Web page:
Eastern Regional Shield 2022

Eastern Regional Shield 2022

Sunday 21st Aug for the 2022 event is now the planned date at a evenue to be decided, And...

NWWCA Forum 20th Oct Notes and Presentations

NWWCA Forum 20th Oct Notes and Presentat...

Minutes and Presentations for the consultative forum which took place on the 20th Oct 202...

River Bure Hydro-Acoustic Surveys 2004 - 2019

River Bure Hydro-Acoustic Surveys 2004 -...

These historic reports hace been found in the EA archives and provide a sound reference p...

Upper Bure Survey Report 2019

Upper Bure Survey Report 2019

Click the ‘download attachment’ link below to download this report as a PDF Jeff Compton...

Relief Channel Survey Report 2021

Relief Channel Survey Report 2021

Please find attached the 2021 Survey report for the Great Ouse Relief Channel, produ...

Eastern Regional Shield 2021 Cancelled

Eastern Regional Shield 2021 Cancelled

Eastern Region Shield 2021 Cancelled - 15th Aug 2021 by email Dear Captains After 3 attem...

Nene Electric Survey Video

Nene Electric Survey Video

 In the video Jake Reeds explains the worrk undertaken upstream electric fishing on...

Nene Bream Survey Video

Nene Bream Survey Video

In the video Jake Reeds explains the worrk undertaken  acrross the Nene Catchment fo...

Super User

Super User


Cambridgeshire and Bedfordshire – Fisheries Monitoring Programme

All work in-channel completed in 2.5 days (Monday 9th - Wednesday 11th September 2013).

An EA funded  project – contact James Hooker

ea anglia east

Fish Refuge at Costessey and works at Sculthorpe

When a landowner asked us to take a look at a local area of eroding bank on the River Wensum at Costessey, the easiest solution would have been to fill it in. However, during a site visit we realised the erosion had created a valuable fry bay, a feature which is uncommon along this otherwise uniform stretch of river.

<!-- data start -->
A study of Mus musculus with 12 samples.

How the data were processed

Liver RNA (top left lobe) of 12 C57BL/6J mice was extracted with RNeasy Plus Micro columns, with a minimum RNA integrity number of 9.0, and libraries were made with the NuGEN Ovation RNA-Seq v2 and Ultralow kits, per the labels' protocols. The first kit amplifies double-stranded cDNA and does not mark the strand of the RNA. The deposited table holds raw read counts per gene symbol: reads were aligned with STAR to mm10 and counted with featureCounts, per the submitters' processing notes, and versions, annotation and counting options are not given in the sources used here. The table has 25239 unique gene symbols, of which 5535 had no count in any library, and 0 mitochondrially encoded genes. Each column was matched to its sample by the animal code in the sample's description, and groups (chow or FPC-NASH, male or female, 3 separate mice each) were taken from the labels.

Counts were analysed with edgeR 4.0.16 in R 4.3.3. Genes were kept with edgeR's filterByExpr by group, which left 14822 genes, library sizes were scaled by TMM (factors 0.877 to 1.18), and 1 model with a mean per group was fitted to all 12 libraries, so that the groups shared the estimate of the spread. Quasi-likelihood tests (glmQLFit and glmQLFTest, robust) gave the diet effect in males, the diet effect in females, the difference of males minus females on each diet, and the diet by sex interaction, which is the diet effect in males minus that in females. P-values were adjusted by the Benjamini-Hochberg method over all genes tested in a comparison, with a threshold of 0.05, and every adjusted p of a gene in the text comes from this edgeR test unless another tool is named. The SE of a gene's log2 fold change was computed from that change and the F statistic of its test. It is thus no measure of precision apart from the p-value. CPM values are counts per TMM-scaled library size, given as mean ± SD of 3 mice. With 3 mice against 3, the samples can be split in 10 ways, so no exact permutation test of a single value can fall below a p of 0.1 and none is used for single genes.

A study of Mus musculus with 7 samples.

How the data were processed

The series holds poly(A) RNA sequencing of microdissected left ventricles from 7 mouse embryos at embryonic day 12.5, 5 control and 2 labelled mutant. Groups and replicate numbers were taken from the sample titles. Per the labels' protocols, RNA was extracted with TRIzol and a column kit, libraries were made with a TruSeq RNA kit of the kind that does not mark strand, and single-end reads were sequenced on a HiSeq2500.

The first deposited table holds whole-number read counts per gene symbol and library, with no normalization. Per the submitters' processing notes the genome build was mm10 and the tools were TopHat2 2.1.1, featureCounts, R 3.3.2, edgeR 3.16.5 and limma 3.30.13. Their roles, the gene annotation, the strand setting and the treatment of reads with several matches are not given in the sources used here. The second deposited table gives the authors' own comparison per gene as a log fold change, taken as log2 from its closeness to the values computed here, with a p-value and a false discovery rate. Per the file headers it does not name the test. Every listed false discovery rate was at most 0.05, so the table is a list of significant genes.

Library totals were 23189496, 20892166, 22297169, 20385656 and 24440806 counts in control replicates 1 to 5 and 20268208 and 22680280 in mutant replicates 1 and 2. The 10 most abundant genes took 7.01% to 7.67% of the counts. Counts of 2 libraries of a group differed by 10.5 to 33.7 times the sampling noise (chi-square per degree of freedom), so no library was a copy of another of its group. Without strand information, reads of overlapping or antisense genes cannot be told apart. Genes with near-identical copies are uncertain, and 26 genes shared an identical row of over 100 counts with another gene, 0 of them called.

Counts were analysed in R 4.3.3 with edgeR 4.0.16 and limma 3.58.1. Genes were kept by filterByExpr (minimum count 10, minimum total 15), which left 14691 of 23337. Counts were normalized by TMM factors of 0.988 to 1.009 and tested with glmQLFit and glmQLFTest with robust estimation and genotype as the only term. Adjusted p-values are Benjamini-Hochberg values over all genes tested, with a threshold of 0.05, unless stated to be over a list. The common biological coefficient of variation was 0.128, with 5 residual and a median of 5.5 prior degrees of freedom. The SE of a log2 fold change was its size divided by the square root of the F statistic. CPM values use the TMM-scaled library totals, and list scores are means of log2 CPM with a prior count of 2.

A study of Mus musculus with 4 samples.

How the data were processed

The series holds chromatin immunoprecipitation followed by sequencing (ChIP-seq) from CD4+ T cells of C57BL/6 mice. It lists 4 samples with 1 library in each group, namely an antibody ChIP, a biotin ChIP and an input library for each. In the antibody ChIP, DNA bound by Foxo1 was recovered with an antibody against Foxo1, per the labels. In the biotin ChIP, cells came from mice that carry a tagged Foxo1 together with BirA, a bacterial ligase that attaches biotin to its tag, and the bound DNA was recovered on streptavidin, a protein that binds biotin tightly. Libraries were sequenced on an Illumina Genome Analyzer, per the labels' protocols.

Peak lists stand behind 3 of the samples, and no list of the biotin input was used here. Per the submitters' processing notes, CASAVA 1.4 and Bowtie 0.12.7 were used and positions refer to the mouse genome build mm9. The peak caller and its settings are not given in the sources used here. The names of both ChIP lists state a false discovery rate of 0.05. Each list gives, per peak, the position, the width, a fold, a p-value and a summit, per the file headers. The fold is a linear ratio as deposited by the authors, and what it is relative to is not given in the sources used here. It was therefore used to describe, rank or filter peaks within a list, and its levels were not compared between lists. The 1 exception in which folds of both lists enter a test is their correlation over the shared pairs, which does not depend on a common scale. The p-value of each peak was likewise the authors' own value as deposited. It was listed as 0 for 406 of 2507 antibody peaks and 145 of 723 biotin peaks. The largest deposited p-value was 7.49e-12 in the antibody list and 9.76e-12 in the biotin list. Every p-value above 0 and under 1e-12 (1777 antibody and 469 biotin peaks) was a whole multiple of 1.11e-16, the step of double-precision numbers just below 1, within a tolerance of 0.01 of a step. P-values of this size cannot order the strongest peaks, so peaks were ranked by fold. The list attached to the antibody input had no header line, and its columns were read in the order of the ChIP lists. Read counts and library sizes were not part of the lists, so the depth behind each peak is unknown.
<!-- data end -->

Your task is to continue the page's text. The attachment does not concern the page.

At Sculthorpe we have learnt from past experiences by moving away from a prescriptive design solution. Instead we have relied on the skills and experience of our North Norfolk Field Operations Team, to determine the finer detail based on how the river reacts to restoration features as they are being constructed.

ea anglia east

INSTALLATION OF WOODY DEBRIS, BERMS, POOLS AND GLIDEs

tat restoration 100The River Tat is a tributary of the River Wensum and forms part of the River Wensum Site of Special Scientific Interest. The planform and channel geometry has historically been subjected to significant modification including diversions, straightening, widening and the construction of an online lake system.

The aim of the restoration work was to ‘kick start’ natural morphological processes throughout the reach.

A key restoration measure has been the installation of Large Woody Debris (LWD). Reducing tree cover in heavily shaded areas, by selective coppicing, provides a sustainable source of material. This also allows light onto the river, promoting marginal vegetation to establish. LWD has introduced flow diversity, helping keep the gravels free from silt and providing overhead cover for fish.

ouse washes 2012LOFFCA has been seeking a solution to the annual problem of managing poor water quality within the river Delph, from either summer flooding of the washes or zero flows within the river. After several years of seemingly slow progress, the problem has been recognised that some action is required and following a meeting with all the respective partners on the 16th April 2015 an action plan has been agreed. The minutes of this meeting are available to download above. Thanks must go to Mike Nunns for driving this issue within the EA and bringing the partners together. A link to the sonde live data is also available below.